We wanted to run some up and down scenarios for Starbucks now that the noise from the research calls have gotten out of the way and now that the post-earnings dust has settled. All calculations are made from its earnings release and its own guidance and we left those off to save space.
STARBUCKS TODAY & AHEAD
At $23.00, its trailing P/E is 26.4, operating margins fell 0.3% to 11.2%; comparable sales growth for the year was 5% (only 4% for last quarter). Starbucks had 10,684 stores in the U.S. as of September 30, 2007, and a total of 15,011 if you include international stores. 2,571 of those were opened in the last year.
It plans to open another 2,500 net stores globally in 2008, with 900 of those owned and 700 licensed in the U.S. alone. Revenue growth is estimated at 17% to 18%. Its 2008 diluted earnings were put at $1.02 to $1.05 (listed as 17% to 21% growth), so at $23 it has a forward P/E of 22.22 one year out. Starbucks is also launching first TV ad campaign, and that is factored into the numbers ahead. So that means they are hoping that boost brand loyalty.
THE COMPETITIVE FIELD
Peet’s Coffee & Tea (NASDAQ:PEET) is looking for 17% to 20% in 2008 revenue growth and its forward P/E ratio for 2008 is roughly 35. It is increasing to 15-20 new markets next year with grocery store expansion. Unfortunately, it is only planning to expand to 30 new retail locations in 2008. Peet’s home and office delivery is a premium business, but unfortunately it isn’t going to be able to grow enough to make a huge difference.
The rise of McDonald’s (NYSE:MCD) has been meteoric and frankly far better than most would have guessed. Personally, it isn’t exactly our favorite go-to coffee destination. Maybe that isn’t fair and maybe that’s holding on top an old stereotype.
Caribou (NASDAQ:CBOU) has failed miserably in throwing up any real competition and it has not been able to draw away much traction. Its stock is on another year low today, even though Wall Street was happy its failed CEO this week announced he’d only serve as Chairman. It has 473 locations and its market cap is now just under $94 million.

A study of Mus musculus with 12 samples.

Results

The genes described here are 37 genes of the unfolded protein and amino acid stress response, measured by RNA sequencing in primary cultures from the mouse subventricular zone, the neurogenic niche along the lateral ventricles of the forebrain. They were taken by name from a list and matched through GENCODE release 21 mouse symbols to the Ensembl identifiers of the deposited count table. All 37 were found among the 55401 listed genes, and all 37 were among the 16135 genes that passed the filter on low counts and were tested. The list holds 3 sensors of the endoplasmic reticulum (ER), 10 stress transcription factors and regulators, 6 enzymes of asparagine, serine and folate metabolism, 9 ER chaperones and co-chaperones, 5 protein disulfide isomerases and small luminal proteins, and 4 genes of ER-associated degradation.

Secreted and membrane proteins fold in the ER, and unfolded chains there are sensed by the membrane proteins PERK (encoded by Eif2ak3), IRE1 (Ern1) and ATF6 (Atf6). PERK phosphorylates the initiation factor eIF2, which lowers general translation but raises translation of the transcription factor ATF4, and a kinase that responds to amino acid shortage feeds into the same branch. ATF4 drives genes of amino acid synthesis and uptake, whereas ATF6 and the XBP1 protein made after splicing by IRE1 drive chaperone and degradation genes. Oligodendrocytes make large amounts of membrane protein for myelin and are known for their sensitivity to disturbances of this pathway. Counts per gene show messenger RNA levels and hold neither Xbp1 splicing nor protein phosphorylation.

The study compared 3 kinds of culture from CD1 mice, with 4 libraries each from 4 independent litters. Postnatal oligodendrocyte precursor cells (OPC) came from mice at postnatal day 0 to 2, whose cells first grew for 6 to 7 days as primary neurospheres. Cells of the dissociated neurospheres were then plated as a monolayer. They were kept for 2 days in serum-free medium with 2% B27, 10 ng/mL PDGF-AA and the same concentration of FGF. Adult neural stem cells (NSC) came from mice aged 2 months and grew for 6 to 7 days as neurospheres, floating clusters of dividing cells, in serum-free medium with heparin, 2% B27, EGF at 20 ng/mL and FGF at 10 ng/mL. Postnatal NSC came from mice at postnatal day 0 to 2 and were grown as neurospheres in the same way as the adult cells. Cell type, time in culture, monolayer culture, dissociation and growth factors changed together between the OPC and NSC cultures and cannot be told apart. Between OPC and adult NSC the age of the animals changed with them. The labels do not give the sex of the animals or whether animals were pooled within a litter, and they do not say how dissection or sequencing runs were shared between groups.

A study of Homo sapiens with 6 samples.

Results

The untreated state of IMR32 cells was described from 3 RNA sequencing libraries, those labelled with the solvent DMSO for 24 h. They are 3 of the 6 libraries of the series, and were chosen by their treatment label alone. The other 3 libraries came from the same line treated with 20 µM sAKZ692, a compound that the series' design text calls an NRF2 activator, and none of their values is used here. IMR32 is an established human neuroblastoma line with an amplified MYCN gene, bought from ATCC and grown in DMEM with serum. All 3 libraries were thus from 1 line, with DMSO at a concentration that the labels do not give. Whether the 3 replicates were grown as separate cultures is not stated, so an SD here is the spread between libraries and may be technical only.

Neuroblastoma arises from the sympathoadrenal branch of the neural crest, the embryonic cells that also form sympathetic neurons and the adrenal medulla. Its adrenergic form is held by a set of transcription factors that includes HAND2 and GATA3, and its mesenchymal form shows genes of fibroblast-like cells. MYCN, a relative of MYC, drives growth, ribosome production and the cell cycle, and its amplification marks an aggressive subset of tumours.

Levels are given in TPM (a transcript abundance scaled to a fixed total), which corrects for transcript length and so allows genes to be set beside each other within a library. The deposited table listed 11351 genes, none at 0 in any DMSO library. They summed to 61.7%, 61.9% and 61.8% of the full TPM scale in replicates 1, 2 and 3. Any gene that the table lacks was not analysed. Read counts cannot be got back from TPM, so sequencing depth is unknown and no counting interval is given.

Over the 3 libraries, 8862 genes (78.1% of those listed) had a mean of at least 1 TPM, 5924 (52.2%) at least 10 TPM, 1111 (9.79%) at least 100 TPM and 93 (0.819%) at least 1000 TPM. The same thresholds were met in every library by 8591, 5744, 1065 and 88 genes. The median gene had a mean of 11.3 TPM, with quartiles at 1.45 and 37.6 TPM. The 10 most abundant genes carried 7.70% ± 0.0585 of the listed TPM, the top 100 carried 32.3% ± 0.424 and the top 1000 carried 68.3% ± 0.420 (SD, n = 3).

Frankly, I can’t comment on Tim Hortons (NYSE:THI) as a competitor except for a store visit in Canada two summers ago. Its market cap is now $7.3 Billion and had 3,110 system-wide stores (with only 352 in the U.S.). We also haven’t even addressed Dunkin Donuts or Krispy Kreme. There are plenty of competitors now and the field won’t merit anymore 40 P/E coffee plays.
Frankly, I still enjoy going to Starbucks the best. Peet’s is fine too, and Caribou is behind it. I will continue paying my $2.12 for the Venti Bold, even if my prices have gone up without me using milk in a socialism coffee ploy.
THE VALUATION CALCULATIONS
24/7 Wall St. covers is the stock angle. We did our own in-store review around the country stores close to us back in early 2007 because we wanted to see what the company was lacking in its store before it launched on that massive growth expansion. The company still has a lot of room for improvement. Starbucks will go through periods of time where it sees a rise from a trading move or from valuations compared to an oversold status. But something is obvious as a heart attack, regardless of $18, or $22, or $26 in 2008. Starbucks’ best days as a major growth and story stock are behind it.
A lot of this depends on the stock market performance and forward P/E’s there after the real debt and oil mess gets factored in. If that holds steady then Starbucks may get to continue to justify a 25 P/E ratio and with that we get a $25.875 price (hence $26 rounded up). But if the market stays sketchy then we think with the growth story contracting that this deserves a PEG ratio of roughly 1.0 and we’ll only give it a realistic forward P/E ratio of 17 or 18 ahead (and therefore $17.60 to $18.63, or $18 rounded). If the market acts as more of a trading instrument and swings up 5% to 10% and then down 5% to 10% like we are getting used to, then today’s price of $22.00 seems like a fair pivot point.
You ought to see our beer and spirits review at 10 PM tonight. Well, maybe not.
Jon C. Ogg
November 16, 2007
Jon Ogg produces the 24/7 Wall St. Special Situation Investing Newsletter; he does not own securities in the companies he covers.